Bicycling is Laura Vie’s ticket to freedom. Since childhood, riding has been the 43-year-old’s escape from daily life’s responsibilities.
“When I ride, my mind is free to think clearly,” said Vie, an exercise physiologist at Progressive Spine Care & Rehab in Columbia. “It’s very satisfying being able to travel miles down quiet rural roads.”
Vie, an MU graduate, said Missouri has a bad reputation among the cycling community, mostly because of bad road conditions and what is perceived as intolerance by motorists.
Now, as secretary of the Missouri Bicycle Federation, Vie and other cyclists are working to make the state’s roads safer for those who travel on two wheels and four.
The group is pushing legislation in hopes that some minor legal changes can make a big impact for Missouri cyclists.
The first priority, said federation chairman Brent Hugh, is to clean up regulations that govern bike lanes, road shoulders and the exact definition of a bicycle. These small issues seem to be causing cyclists unintentional, but real, problems.
“We have trouble getting federal funding to improve rural highway shoulders for bicycling because the law is unclear,” said Hugh, a Raytown resident and avid cyclist for five years. “We don’t know whether or not bicycles can legally ride on these shoulders.”
The group is also seeking a standard 20 mph speed limit for school zones.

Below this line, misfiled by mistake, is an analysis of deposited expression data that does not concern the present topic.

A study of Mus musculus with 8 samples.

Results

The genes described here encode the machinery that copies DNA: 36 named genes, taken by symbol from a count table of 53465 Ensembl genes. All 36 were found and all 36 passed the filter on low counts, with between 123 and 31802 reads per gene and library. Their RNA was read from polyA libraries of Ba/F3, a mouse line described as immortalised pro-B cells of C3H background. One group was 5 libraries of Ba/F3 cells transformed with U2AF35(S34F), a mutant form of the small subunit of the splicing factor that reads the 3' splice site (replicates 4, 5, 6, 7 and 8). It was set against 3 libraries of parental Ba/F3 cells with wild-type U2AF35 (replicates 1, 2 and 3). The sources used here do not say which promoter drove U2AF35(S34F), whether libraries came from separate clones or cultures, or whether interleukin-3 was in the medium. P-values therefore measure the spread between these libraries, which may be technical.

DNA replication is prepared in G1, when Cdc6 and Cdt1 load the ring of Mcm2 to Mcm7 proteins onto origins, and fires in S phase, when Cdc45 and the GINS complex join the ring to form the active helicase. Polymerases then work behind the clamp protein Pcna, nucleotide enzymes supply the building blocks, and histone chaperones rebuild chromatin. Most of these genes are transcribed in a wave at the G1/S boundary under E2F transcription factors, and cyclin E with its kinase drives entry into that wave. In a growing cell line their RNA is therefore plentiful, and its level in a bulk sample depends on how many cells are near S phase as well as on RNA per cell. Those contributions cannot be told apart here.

“Every parent and teacher I know is 100 percent in support of this. Even just slowing down from 25 to 20 mph makes the area twice as safe,” Hugh said.
The cycling advocacy group wants all of the state’s roads to be accessible and safe for walking, bicycling and driving. That part of the legislative proposal has been dubbed “Complete Streets” to reflect the notion that streets must meet the needs of all users.
In addition, the group is seeking these changes:
- Assignment of points against drivers who strike a bicyclist.
- Strengthening the language and penalties for motorist infractions against bicyclists and pedestrians.
- Prohibiting driving in designated bike lanes.
- Allowing cyclists to signal a right turn with the right arm.
“Communities must be built for people, not automobiles,” Hugh said. “We must meet the needs for the 45,000 Missourians who walk or bicycle to work and the 17 percent who have some sort of disability.”
Such measures are already required by federal law, but Missouri and other states are behind in putting such planning tools in place, Hugh said.
Caryn Giarratano, bicycle and pedestrian coordinator with the state Department of Transportation, said the state is well aware of the needs of bicyclists.
“At MoDOT, we are changing policies to accommodate bicyclists,” Giarratano said. “They are considered even before the pen hits the paper in any planning phase.”
Still, Giarratano said the cyclists’ concerns have strong merit.
“It’s very frustrating for people,” she said. “When you are trying to go somewhere and the road ends.”
And where that road ends, the Missouri Bicycle Federation wants to start bridging the gap. The group will wait to push its platform until early next year when the state legislature convenes.